F-35 hit an eagle, 300 parts damaged, incl. the fuselage and engine


Photo credit: EurAsian Times

According to the South Korean Air Force, a detailed evaluation along with Lockheed Martin, the creator of the F-35 fighter, yielded a daunting fact – nearly 300 parts of the F-35A fighter suffered damage. This included integral components like the fuselage structure, engines, control, and navigation systems. 

The incident occurred on January 4 of the previous year, as the fighter jet was airborne for a training mission from the Jeonju base. An eagle struck the jet mid-air and was subsequently sucked into the left air intake, causing severe damage to the landing gear hydraulic lines, chains, and other equipment, rendering the landing gear nonfunctional. 

Due to this incident, the pilot was forced to perform an emergency belly landing at the Seosan base. Fortunately, the pilot was unharmed. However, this event resulted in a temporary grounding of all F-35A fighter jets in South Korea. 

The severity of the damage

Although the initial estimation suggested minor damages to the fighter jet, a more thorough inspection revealed the severity of the damage. Cognizant of the high cost and extensive timeline required to repair the stealth fighter, an Air Force assessment committee was established. 

Photo by Monica White Martinsen / NRK

The committee evaluated safety aspects and ultimately decided that retiring the stealth fighter was a better option than attempting repairs. The final decision, however, will be made after receiving approval from South Korea’s Ministry of National Defense. 

As reported by Yonhap news agency, South Korean military officials estimate the repair costs for the F-35A fighter jet to be around 140 billion won [approximately US$108 million]. To put this in perspective, BulgarianMilitary.com reminds us that the buying price for these stealth fighters is 110 billion won [approximately $85 million]. 

Comprising 40 F-35A fighters, the South Korean Air Force is contemplating repurposing the decommissioned aircraft. Once retired, the damaged fighter jet could serve a secondary function in “utilizing its residual value” through usage in practical ground mechanic training.

South Korean Eagles

The specific species of the eagle that crossed paths with the F-35 remains unknown. The importance of identifying the eagle species is due to the varying speed capabilities each type possesses, potentially influencing the extent of damage in such encounters. Therefore, the resulting damage may be either more or less severe than what was observed in this case.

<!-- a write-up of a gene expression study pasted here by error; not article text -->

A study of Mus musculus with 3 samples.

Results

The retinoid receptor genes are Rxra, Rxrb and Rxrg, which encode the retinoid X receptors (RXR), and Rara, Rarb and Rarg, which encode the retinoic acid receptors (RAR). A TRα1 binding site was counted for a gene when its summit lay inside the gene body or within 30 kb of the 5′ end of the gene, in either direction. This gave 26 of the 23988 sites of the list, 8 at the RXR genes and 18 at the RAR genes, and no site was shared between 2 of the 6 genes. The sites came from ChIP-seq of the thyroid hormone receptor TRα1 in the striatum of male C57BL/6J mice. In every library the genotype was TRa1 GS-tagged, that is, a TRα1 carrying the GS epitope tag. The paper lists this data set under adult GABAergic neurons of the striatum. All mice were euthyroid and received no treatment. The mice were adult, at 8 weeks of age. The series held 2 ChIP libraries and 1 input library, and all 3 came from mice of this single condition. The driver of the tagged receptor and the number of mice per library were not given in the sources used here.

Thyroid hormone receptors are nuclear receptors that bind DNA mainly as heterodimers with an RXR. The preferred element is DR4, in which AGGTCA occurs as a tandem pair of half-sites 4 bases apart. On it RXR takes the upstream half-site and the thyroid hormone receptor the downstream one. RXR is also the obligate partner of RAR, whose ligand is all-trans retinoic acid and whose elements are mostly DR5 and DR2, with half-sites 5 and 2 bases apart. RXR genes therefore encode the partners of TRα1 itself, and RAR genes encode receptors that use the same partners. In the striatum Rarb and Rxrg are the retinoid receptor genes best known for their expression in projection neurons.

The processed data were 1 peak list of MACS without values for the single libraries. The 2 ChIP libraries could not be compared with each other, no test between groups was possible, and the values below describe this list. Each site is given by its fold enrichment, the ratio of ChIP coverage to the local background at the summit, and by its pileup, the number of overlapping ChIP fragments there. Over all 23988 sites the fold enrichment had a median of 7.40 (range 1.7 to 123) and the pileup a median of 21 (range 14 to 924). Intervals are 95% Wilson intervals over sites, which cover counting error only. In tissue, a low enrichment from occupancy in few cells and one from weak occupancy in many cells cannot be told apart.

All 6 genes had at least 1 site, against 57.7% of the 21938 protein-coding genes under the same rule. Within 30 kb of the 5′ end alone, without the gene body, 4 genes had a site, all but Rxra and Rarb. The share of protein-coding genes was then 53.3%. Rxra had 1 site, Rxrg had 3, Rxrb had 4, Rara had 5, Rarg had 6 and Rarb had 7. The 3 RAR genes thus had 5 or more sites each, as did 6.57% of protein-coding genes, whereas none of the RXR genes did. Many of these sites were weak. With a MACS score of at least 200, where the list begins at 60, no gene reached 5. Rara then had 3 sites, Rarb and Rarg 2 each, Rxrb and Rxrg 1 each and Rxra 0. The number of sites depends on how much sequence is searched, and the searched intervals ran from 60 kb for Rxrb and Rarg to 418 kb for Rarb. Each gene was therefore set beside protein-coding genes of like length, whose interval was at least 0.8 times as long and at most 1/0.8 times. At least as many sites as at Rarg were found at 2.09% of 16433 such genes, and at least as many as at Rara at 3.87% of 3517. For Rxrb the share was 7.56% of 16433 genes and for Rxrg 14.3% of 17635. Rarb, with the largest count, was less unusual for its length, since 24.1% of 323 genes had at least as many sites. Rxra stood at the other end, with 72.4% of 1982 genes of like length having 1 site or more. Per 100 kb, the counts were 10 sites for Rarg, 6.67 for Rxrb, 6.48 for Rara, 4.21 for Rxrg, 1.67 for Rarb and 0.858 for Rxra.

One of the most common eagle species in South Korea is the Eastern Imperial Eagle. These eagles are known for their powerful flight and can reach speeds of up to 50 miles per hour [80 kilometers per hour].

Another species found in South Korea is the White-tailed Eagle. These eagles are larger and heavier than the Eastern Imperial Eagle, and their flight speed is slightly slower, averaging around 40 miles per hour [64 kilometers per hour].

Photo credit: eBird

It’s important to note that the speed of an eagle’s flight can also be influenced by various factors such as wind conditions, weather, and the purpose of their flight. For example, when hunting or chasing prey, eagles may fly at higher speeds to catch their target.

We asked AI

We at BulgarianMilitary.com sought the insight of artificial intelligence to confirm the claim by South Korean aviators that an eagle colliding with a fighter jet could cause significant damage. Surprisingly, if an eagle swoops at a speed of 80 km/h and crashes into a fighter jet, the resulting damage would indeed be substantial. Here’s the analysis provided by our AI:

The force generated by the collision can cause structural damage to the aircraft, potentially compromising its ability to fly and endangering the lives of the pilot and crew on board.

The speed at which the eagle is flying, 80 km/h, may seem relatively slow compared to the speed of a fighter jet. The force exerted on the fighter jet can potentially cause damage to its wings, engines, or other critical components, leading to a loss of control or even a catastrophic failure.

Furthermore, the eagle’s body structure and sharp talons can pose additional risks. The impact of the collision can result in the eagle’s talons penetrating the fighter jet’s exterior, potentially causing further damage to the aircraft’s structure or systems. The eagle’s body, with its relatively large size and weight, can also create a significant obstacle for the fighter jet, increasing the chances of a collision-induced loss of control or a crash.